Maria Giudice on Designing for Unintended Consequences
In an interview with Doreen Lorenzo for Fast Company, Maria Giudice of Hot Studio, described her decision to have her design firm acquired by Facebook and also touched on how the value of design is going through an industry-wide transformation.
Giudice reflected on when she founded Hot Studio at the height of the internet, a time where female-driven design firms were lacking. After 15 years of building a diverse team with a wide variety of cultures, she decided to have the company acquired by Facebook with the comfort of knowing she had brought much needed diversity to the large-scale company with the women and people of color who comprised her team.
The decision came about from an evolving relationship with Facebook’s VP of Product Design, Margaret Stewart, as Hot Studio’s designers were increasingly being hired to supplement her own team. Rather than continuing to recruit more of Giudice’s designers and stifle her firm’s other client work, acquisition not only made more strategic sense, but it accentuated the value of design for business – a stance Giudice and Hot Studio had been defending for years.
As she continues to consult under the Hot Studio name, Giudice explained how everybody wants design now that the intersection of design and business is more prevalent than ever. But not everyone has a solid understanding of its impact on company culture and operations. She provided IBM as an example of a company that embraces a design religion by training everyone in design thinking, and also recounted experiencing a similar business culture from her time at Autodesk which left Giudice with the understanding that companies need enlightened leaders who view design as more than pure execution and are aware of the ethical consequences surrounding innovation.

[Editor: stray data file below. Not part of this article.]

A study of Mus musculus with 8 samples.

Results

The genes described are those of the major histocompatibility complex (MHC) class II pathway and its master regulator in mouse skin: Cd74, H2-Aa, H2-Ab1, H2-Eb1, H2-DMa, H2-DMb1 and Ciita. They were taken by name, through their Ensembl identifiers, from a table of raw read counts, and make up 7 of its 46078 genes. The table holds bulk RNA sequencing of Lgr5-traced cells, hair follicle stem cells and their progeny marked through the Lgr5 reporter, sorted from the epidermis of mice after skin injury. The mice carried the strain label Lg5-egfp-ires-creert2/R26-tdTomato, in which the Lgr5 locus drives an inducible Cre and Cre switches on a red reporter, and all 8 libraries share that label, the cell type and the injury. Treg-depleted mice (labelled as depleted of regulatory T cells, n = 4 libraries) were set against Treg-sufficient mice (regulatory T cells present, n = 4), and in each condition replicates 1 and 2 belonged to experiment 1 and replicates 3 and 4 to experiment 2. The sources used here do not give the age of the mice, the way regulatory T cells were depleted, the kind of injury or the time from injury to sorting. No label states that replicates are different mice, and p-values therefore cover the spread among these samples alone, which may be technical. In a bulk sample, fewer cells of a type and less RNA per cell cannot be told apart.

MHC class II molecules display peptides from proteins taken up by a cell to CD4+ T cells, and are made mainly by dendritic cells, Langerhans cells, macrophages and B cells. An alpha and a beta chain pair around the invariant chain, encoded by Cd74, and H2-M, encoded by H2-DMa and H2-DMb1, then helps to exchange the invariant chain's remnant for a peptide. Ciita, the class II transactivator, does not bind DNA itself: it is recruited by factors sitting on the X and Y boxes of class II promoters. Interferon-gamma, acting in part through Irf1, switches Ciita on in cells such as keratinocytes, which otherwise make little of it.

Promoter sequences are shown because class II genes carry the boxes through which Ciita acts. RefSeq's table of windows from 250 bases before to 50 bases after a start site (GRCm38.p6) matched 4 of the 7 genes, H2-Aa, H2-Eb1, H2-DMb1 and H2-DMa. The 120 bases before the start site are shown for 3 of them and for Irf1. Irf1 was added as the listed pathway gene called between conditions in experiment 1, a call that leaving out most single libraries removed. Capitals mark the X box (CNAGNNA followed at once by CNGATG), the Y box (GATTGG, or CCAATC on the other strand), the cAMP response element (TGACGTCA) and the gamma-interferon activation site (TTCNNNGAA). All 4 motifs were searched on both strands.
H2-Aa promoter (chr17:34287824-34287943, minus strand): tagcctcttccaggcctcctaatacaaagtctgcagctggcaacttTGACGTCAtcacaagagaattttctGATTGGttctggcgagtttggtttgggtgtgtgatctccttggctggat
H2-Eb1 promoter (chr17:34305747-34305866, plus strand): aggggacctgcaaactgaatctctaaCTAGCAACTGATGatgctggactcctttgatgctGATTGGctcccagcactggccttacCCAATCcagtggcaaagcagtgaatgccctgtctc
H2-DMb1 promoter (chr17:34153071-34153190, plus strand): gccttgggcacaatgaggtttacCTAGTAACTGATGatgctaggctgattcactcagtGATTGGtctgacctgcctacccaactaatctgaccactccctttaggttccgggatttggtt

Especially with the potential of emerging technologies, designers have to consider the ways people might exploit these new technologies. Giudice ended the interview with a warning of being overly optimistic about technological benefits. There has to be an awareness of designing for unintended consequences – to design for evil. Mistakes are inevitable, but we can learn from them and even avoid them by embracing a design thinking methodology that explores every possible outcome.